Ottawa pushes banks to cut Canadians slack on credit card bills

Jeff Lagerquist
·2-min read
stack of multicolored credit cards, close up view with selective focus

Ottawa has asked major Canadian banks to give credit card holders more time to pay their bills as they absorb the economic shock caused by COVID-19.

Prime Minister Justin Trudeau announced the discussions with lenders in a press conference on Thursday.

He said Finance Minister Bill Morneau has held regular talks to encourage them to offer a grace period for payments, and provide access to credit that would “cost much less than what is currently charged on credit cards.”

“We are encouraging them to take action to alleviate the burden for Canadians,” Trudeau said.

A spokesperson for the Bank of Montreal (BMO.TO) told Yahoo Finance Canada in an email that “BMO is offering deferral of payments on credit cards, including small business credit cards, as part of its financial relief programs.”

Yahoo Finance Canada is awaiting details from the other major banks.

The Bank of Canada has made two emergency cuts to its key lending rate to help insulate the economy as business activity slows. However, credit card rates, which are typically in the 20 per cent range, have yet to budge.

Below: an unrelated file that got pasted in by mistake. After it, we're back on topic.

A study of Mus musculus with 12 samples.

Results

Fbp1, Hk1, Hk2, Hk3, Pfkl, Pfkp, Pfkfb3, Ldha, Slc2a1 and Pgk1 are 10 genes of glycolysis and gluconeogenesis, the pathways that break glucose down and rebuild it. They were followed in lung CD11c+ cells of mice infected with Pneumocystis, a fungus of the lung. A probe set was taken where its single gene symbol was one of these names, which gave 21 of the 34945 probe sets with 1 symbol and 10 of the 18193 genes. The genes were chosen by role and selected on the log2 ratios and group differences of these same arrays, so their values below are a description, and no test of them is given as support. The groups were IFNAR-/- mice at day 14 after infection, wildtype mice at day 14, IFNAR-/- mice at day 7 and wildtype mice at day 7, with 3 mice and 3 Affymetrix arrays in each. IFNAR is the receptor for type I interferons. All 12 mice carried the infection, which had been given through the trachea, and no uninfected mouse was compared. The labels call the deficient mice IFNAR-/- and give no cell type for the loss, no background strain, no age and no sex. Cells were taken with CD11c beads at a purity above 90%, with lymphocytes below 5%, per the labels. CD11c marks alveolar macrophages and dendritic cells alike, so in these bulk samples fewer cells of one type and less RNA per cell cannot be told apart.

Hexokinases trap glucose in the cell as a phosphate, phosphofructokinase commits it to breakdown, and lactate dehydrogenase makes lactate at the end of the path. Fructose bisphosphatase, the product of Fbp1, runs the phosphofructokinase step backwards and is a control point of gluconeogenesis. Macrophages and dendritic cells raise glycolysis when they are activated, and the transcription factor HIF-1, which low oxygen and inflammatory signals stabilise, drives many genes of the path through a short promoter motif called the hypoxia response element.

John Shmuel, managing editor at the Canadian financial product comparison website, said it’s rare for credit card providers to pass on interest rate cuts to clients. However, he was not surprised to hear the federal government is stepping in given the circumstances.

“It will be interesting to see how this is implemented, because it seems with mortgages, there are a lot of questions and grey areas about how the deferral works,” he told Yahoo Finance Canada on Thursday.

Canadian banks have rolled out programs allowing clients who have lost income as a result of the virus to delay payments on mortgages and other loans for up to six months.

“We're hearing some people being denied deferrals, since it's on a case-by-case basis,” Shmuel said.

High household debt has consistently been flagged as a threat to Canada’s economy. The risk of a higher rate of defaults is climbing as more Canadians find themselves out of work, or earning less, due to COVID-19.

Shmuel said any move to drop credit card rates shifts risk onto banks and credit card companies already exposed to COVID-19-related uncertainty.

“If anything, card companies would probably want to raise interest rates to reflect higher risk right now,” he added.

Parliament passed an emergency bill on Wednesday that commits $107 billion to boosting access to employment insurance and other programs that will provide financial support to workers and businesses. Another $55 billion is earmarked for tax deferrals, allowing businesses and individuals to put off paying tax bills for months.

More to follow.

Jeff Lagerquist is a senior reporter at Yahoo Finance Canada. Follow him on Twitter @jefflagerquist.